An Overview of FINRA
June 14, 2022
The Financial Industry Regulatory Authority (FINRA) is a U.S. corporation and self-regulatory organization. FINRA is a consolidation of the enforcement, member regulation, and arbitration operations of NASD, the New York Stock Exchange, and NYSE Regulation, Inc. FINRA is a non-governmental organization that is the largest independent regulator for all U.S. securities firms and exchange markets. FINRA’s main goal is the protection of investors, and it attempts to do so by ensuring honesty and fairness in the U.S. securities industry. If you are an investor who has lost money due to the actions of a financial advisor or other financial professional, you may be able to seek compensation in arbitration before FINRA. Below is an overview of FINRA.
FINRA is responsible for regulating:
Securities firms that conduct business with the public;
Securities firms that offer professional training, licensing, and testing of registered persons;
Securities firms that offer mediation and arbitration;
Securities firms that offer contractual regulation of the securities markets; and
In addition, FINRA regulates trading in:
Securities futures, and
FINRA is responsible for licensing various individuals and entities. Specifically, FINRA licenses individuals and admits firms to the securities industry. In addition, FINRA is responsible for promulgating rules that govern the behavior of member firms and individuals, examining firms and individuals for compliance, and disciplining registered representatives and firms for failing to comply with federal securities laws and FINRA’s rules and regulations. FINRA’s licensure duties also consist of the administration of qualification examinations to professionals in the securities industry. Also, FINRA sells regulatory services and products to several stock exchanges and markets.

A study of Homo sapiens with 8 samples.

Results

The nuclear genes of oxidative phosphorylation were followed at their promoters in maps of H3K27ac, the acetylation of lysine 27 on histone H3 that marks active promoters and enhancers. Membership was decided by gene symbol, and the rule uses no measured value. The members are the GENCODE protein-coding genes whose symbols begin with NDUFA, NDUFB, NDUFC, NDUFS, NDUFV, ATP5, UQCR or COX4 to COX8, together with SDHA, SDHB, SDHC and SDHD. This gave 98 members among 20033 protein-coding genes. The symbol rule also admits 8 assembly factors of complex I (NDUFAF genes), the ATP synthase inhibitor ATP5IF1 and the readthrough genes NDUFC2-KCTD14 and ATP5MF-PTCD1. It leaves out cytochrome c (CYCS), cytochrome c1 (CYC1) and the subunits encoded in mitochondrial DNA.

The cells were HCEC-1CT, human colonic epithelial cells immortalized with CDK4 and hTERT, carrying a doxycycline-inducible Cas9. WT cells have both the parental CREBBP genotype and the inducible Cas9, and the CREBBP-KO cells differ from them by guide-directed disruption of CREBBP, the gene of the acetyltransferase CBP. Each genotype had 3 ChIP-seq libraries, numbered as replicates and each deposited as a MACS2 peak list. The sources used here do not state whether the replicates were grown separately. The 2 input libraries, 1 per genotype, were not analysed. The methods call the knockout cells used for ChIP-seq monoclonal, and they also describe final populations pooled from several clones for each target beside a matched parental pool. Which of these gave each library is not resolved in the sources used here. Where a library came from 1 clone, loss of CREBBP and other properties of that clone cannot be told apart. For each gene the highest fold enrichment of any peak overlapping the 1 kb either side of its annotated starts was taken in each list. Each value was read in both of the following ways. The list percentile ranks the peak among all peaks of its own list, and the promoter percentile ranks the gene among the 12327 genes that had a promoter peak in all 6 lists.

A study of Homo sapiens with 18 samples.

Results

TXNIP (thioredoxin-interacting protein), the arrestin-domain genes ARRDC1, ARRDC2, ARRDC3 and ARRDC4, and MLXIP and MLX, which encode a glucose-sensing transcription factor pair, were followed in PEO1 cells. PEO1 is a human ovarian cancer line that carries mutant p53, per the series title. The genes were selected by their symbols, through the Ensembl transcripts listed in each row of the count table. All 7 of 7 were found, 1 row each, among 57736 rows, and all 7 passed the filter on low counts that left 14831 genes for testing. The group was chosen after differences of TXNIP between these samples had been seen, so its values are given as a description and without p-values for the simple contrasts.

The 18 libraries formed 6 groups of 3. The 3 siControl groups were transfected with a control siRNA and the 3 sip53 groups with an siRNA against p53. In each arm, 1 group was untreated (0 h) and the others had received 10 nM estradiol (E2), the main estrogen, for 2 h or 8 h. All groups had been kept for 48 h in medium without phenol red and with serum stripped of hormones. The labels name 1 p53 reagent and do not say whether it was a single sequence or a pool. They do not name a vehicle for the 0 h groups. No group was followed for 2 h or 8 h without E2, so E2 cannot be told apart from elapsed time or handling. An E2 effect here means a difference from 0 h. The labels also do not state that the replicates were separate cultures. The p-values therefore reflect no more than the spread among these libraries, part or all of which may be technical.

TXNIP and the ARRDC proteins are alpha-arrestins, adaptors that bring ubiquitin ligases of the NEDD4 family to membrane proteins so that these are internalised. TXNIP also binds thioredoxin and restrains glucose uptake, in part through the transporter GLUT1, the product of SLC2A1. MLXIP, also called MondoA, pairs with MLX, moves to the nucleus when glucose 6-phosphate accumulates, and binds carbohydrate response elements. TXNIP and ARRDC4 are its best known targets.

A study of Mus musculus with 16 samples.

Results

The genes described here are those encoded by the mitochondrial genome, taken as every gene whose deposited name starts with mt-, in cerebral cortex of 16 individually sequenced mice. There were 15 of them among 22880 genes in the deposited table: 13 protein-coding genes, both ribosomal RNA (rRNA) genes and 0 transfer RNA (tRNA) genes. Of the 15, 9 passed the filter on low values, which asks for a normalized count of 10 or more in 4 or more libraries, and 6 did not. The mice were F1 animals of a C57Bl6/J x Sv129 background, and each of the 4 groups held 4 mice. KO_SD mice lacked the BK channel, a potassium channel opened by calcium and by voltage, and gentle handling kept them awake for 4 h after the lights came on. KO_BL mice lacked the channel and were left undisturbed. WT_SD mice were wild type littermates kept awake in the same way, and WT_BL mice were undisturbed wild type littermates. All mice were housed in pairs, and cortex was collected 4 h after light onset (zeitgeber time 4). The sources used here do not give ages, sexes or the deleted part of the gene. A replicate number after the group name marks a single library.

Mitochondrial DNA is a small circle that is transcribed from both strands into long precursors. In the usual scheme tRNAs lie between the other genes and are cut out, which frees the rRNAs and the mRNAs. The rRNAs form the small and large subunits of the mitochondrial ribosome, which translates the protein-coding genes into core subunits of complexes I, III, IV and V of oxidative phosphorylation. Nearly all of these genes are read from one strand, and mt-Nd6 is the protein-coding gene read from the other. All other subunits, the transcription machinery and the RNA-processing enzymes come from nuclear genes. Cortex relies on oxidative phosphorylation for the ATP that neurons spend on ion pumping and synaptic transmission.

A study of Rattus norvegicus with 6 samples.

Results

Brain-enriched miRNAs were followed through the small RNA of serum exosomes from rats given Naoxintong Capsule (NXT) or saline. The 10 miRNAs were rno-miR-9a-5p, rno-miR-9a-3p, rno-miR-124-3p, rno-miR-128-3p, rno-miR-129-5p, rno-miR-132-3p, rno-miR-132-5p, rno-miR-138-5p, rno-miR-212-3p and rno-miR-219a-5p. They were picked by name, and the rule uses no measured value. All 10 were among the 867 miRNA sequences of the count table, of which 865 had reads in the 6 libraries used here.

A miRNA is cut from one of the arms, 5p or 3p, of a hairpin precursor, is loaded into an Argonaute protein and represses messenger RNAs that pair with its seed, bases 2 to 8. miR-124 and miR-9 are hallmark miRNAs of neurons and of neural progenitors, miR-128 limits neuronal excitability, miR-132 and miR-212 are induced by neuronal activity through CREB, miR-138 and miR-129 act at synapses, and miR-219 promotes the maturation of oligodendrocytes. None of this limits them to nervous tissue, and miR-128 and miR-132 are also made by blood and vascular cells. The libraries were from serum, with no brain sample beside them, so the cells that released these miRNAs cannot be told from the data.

As mentioned above, FINRA administers examinations to member firms and securities industry professionals. Annually, FINRA announces the criteria for upcoming examinations in its annual letter, which is a publication that impacts broker-dealers, banks, and affiliated insurance companies.
Finally, one of FINRA’s major responsibilities is arbitration, which is a type of informal legal proceeding in which an arbitrator decides disputes between investors and members. Most agreements between investors and stockbrokers contain clauses that provide for the mandatory arbitration of disputes. FINRA operates the largest arbitration forum in the United States for the resolution of disputes between brokerage firms, their employees, and investors. If you are an investor who has lost money due to the improper actions of a financial professional, you may be entitled to financial compensation through the FINRA arbitration process.
Fort Lauderdale Investor Representation Attorney
If your financial professional’s negligent or fraudulent behavior has negatively affected your investment portfolio, you need an experienced investor representation attorney on your side. At Simms Law, P.A., we regularly represent investors in arbitration before FINRA. Our talented attorneys take our clients’ concerns seriously, and we are acutely aware of what’s at stake when an investor suffers losses in the financial markets. Therefore, if you require expert legal guidance in Florida, please contact us today for a consultation.